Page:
Katy Perry is the Super Bowl halftime show performer for 2015 as the NFL trends back toward younger pop stars after years of playing it safe with older rock artists. But is it a good move for her? She’ll see widespread television exposure for her more recent songs like Roar and Dark Horse, which could tack on some additional sales to her already popular album Prism. But a glance at recent halftime performers suggests that doing the Super Bowl may not be as much of a career boost as it sounds.
Let’s start by eliminating the outlier, the infamous “wardrobe malfunction” performance by Janet Jackson and Justin Timberlake which sent the NFL scrambling to book safer acts to begin with. Sure, Jackson was more or less never heard from again, and Timberlake had to lay low for awhile before people finally stopped connecting him with the incident. But let’s say the two brought the negative outcome on themselves with their staged antics. What about the subsequent performers? Have any of them come out on top of the experience? And can Katy Perry expect better results?
First, Katy Perry has shown during her six years in the spotlight that she’s too calculated to make a desperate move like the wardrobe malefaction. Her performance may push boundaries, but it’s nothing that’ll have the network reaching for the censor button. So the most obvious comparison is to last year’s performer, Bruno Mars. His star is still on the rise. But did show actually serve to move the needle on his career? If anything it’s more remembered for the fact that the Red Hot Chili Peppers, whom he invited to join him for a song, were forced by league officials to fake-play their instruments and thus purposely left them visibly unplugged in protest.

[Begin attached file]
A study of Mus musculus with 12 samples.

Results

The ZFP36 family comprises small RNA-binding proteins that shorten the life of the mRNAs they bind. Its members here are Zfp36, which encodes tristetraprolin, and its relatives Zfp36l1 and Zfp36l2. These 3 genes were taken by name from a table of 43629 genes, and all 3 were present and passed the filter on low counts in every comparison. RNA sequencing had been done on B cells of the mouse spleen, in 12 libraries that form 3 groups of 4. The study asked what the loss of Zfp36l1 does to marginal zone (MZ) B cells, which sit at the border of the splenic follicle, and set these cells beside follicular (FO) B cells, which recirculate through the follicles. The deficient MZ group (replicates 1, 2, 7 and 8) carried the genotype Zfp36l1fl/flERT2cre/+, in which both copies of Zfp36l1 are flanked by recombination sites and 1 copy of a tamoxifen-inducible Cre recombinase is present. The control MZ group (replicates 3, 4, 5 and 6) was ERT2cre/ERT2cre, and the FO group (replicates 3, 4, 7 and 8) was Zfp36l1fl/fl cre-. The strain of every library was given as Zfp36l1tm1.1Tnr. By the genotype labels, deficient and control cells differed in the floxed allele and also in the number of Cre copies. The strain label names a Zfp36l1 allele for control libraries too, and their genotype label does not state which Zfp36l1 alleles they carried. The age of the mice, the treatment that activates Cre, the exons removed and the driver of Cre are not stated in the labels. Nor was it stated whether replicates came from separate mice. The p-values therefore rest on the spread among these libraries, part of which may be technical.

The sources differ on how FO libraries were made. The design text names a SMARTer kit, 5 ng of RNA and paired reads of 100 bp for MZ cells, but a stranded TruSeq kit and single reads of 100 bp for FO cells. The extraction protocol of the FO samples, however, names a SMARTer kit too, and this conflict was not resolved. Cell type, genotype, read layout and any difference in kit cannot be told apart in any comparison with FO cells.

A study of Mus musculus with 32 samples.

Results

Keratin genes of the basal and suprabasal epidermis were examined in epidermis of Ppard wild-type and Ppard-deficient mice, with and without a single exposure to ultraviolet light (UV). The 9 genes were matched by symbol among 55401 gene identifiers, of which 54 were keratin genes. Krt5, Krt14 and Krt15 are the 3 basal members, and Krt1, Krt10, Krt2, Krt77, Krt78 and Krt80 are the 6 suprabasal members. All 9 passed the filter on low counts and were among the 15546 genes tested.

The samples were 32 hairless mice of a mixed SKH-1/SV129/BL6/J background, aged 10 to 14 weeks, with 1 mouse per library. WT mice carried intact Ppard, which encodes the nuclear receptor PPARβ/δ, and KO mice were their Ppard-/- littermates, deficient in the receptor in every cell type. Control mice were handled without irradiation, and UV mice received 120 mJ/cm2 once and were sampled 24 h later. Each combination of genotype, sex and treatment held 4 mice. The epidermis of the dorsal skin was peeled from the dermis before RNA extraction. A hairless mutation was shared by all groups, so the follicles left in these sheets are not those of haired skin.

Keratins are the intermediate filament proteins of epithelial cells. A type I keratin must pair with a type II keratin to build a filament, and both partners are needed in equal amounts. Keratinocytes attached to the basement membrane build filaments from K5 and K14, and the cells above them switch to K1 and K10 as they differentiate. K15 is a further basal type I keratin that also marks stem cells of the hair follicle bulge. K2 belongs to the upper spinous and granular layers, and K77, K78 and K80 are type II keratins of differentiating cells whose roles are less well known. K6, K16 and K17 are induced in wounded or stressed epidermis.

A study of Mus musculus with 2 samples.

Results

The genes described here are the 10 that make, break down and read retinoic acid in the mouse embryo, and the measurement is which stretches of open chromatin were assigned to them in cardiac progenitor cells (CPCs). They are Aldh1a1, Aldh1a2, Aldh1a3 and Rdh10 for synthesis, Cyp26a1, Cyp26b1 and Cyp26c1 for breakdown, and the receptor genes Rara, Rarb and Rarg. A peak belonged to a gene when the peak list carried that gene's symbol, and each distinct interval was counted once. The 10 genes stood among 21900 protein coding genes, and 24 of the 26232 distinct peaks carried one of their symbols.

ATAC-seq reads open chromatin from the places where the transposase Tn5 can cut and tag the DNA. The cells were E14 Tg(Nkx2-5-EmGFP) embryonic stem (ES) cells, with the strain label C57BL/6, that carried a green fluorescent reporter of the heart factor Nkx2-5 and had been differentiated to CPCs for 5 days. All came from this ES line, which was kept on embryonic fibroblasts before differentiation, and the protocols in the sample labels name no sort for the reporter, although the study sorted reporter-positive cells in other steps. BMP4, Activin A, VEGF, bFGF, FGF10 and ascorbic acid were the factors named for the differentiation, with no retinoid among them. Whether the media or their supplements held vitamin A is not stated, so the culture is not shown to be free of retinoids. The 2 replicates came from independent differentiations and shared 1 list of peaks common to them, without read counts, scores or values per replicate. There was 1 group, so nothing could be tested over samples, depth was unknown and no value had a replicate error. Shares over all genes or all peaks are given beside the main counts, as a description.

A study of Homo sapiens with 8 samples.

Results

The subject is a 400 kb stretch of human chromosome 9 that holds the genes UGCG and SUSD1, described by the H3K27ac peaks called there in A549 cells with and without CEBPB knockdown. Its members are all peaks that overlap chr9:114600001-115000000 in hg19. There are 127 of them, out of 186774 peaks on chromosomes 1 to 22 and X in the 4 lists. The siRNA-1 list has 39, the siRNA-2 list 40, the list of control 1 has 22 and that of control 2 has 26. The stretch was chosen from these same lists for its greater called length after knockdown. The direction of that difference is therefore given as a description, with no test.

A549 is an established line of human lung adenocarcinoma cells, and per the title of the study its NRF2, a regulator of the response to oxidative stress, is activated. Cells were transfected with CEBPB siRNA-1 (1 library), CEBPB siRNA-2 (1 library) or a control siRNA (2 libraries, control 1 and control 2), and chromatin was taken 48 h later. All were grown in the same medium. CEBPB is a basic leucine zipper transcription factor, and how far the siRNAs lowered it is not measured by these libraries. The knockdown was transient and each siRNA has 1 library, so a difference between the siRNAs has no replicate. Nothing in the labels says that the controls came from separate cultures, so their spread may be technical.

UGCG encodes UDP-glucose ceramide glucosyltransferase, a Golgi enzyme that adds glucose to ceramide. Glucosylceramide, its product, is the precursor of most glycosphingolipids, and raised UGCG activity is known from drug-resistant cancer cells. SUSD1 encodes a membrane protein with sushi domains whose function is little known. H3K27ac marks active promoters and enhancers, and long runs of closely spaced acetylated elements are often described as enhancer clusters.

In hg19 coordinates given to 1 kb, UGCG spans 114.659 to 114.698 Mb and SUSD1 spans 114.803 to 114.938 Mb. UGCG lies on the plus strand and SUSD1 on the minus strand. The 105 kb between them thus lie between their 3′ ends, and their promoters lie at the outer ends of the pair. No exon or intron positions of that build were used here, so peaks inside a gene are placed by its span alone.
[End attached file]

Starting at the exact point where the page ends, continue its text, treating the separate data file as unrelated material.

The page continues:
Other recent Super Bowl performers have seemed to come up duds. The Black Eyed Peas were at the height of their popularity when they signed on, but they made the mistake of rushing out another album to try to take advantage of the timing. The performance was panned, the subpar new album didn’t sell nearly as well as the previous one, and they’ve been on a downward slide ever since. Prior to that, The Who were panned for their Super Bowl halftime performance by those who wanted a younger and hipper artist instead. The Rolling Stones fared better, but it’s not clear that they benefited from the exposure. Aerosmith tried to fill its performance with a smattering of younger pop stars, to a mixture of applause and guffaws. And now the league shifts back to younger Super Bowl performers outright.
The fact that famous artists continue to sign on for the Super Bowl halftime show, and that their industry-proven managers and record labels have backed such decisions, suggests that there is in fact ancillary value in making such an appearance. But with Katy Perry’s popularity being at an all time high, is she rolling the dice by taking a gig which will be panned by some simply because Super Bowl halftime audiences tend to be un-pleaseable? She, as well as music and sports fans alike, are about to find out.